Insurance giant cites climate in rising North American disaster costs

It adds that climate change is contributing to the trend. From Munich Re:

Climate change particularly affects formation of heat-waves, droughts, intense precipitation events, and in the long run most probably also tropical cyclone intensity. The view that weather extremes are becoming more frequent and intense in various regions due to global warming is in keeping with current scientific findings, as set out in the Fourth Assessment Report of the Intergovernmental Panel on Climate Change (IPCC) as well as in the special report on weather extremes and disasters (SREX). Up to now, however, the increasing losses caused by weather related natural catastrophes have been primarily driven by socio-economic factors, such as population growth, urban sprawl and increasing wealth.

Peter Höppe, head of the company’s Geo Risks Research unit, said in a statement that the findings are the “initial climate-change footprint in our U.S. loss data from the last four decades,” and added that previously the evidence was not as strong.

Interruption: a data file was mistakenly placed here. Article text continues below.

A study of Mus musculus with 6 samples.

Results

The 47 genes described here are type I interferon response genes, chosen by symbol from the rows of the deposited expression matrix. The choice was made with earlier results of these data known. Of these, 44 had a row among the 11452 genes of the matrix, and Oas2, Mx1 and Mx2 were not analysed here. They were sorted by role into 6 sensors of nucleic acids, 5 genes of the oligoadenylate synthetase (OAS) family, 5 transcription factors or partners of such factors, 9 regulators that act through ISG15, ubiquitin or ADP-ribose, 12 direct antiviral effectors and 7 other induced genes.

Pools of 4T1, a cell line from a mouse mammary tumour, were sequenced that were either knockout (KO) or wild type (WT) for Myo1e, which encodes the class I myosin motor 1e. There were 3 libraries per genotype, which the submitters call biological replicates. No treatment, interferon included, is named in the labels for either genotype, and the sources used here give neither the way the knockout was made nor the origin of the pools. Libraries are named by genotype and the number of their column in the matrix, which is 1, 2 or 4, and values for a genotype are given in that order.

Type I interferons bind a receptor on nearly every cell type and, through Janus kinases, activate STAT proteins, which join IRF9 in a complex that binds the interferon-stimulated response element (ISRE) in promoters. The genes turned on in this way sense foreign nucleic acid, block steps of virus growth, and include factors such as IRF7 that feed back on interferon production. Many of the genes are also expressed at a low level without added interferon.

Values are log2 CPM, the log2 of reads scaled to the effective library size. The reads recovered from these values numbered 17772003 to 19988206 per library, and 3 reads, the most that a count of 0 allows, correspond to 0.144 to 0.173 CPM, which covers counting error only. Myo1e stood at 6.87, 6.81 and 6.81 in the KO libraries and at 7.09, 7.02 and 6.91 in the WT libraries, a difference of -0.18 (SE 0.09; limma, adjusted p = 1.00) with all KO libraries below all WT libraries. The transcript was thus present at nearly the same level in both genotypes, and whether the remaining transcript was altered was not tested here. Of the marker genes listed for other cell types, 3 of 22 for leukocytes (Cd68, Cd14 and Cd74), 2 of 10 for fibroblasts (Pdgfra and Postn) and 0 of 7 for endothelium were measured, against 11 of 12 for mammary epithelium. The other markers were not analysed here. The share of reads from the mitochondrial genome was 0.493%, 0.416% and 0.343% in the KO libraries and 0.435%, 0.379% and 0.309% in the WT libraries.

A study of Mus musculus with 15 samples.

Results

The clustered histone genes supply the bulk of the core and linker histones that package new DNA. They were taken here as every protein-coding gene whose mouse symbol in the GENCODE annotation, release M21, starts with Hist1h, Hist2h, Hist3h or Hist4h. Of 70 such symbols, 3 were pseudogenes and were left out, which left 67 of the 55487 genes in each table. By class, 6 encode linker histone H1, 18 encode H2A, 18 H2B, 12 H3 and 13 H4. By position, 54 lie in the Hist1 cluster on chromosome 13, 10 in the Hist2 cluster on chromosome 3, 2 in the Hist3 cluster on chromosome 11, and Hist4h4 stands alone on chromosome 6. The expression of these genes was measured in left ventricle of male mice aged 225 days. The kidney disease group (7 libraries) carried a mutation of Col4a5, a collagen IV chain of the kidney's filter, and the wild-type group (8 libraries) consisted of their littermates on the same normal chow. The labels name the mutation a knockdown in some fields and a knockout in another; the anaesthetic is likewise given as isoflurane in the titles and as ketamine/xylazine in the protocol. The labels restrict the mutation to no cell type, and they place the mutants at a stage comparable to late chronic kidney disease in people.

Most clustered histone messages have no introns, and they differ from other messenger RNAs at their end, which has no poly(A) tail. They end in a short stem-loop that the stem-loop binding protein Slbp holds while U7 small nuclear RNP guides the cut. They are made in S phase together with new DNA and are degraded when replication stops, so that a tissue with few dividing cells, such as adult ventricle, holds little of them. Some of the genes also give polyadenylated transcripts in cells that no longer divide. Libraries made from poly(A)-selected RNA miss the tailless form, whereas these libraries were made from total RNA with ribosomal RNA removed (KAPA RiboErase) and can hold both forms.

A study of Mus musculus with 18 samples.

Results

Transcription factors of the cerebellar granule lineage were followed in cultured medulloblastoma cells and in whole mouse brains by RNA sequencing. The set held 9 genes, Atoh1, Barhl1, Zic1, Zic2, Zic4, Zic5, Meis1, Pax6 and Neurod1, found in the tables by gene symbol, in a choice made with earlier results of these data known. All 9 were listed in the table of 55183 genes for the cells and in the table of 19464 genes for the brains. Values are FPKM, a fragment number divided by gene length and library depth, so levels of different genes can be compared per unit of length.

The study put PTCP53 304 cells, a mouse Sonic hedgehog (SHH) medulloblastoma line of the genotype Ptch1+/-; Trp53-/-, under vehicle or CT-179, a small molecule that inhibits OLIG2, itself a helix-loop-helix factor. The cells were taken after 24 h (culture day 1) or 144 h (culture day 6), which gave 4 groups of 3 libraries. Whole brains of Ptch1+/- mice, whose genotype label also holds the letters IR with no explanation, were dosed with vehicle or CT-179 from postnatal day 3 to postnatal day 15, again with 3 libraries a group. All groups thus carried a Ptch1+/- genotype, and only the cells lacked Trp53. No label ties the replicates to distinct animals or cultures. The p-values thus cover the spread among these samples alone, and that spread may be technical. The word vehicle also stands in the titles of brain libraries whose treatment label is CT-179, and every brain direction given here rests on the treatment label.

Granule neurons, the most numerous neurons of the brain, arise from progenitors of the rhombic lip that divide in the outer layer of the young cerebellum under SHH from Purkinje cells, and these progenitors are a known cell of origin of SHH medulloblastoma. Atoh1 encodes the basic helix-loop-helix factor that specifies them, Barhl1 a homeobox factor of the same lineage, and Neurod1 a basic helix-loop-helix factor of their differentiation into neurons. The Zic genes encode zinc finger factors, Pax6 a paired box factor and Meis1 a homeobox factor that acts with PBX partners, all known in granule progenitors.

Another Munich Re official called it vital for the industry to consider climate-related risks going forward, noting that currently climate change-related increases in hazards “are not automatically reflected in the premiums.”

“In order to realize a sustainable model of insurance, it is crucially important for us as risk managers to learn about this risk of change and find improved solutions for adaptation, but also mitigation,” said Peter Röder, a board member, in a statement.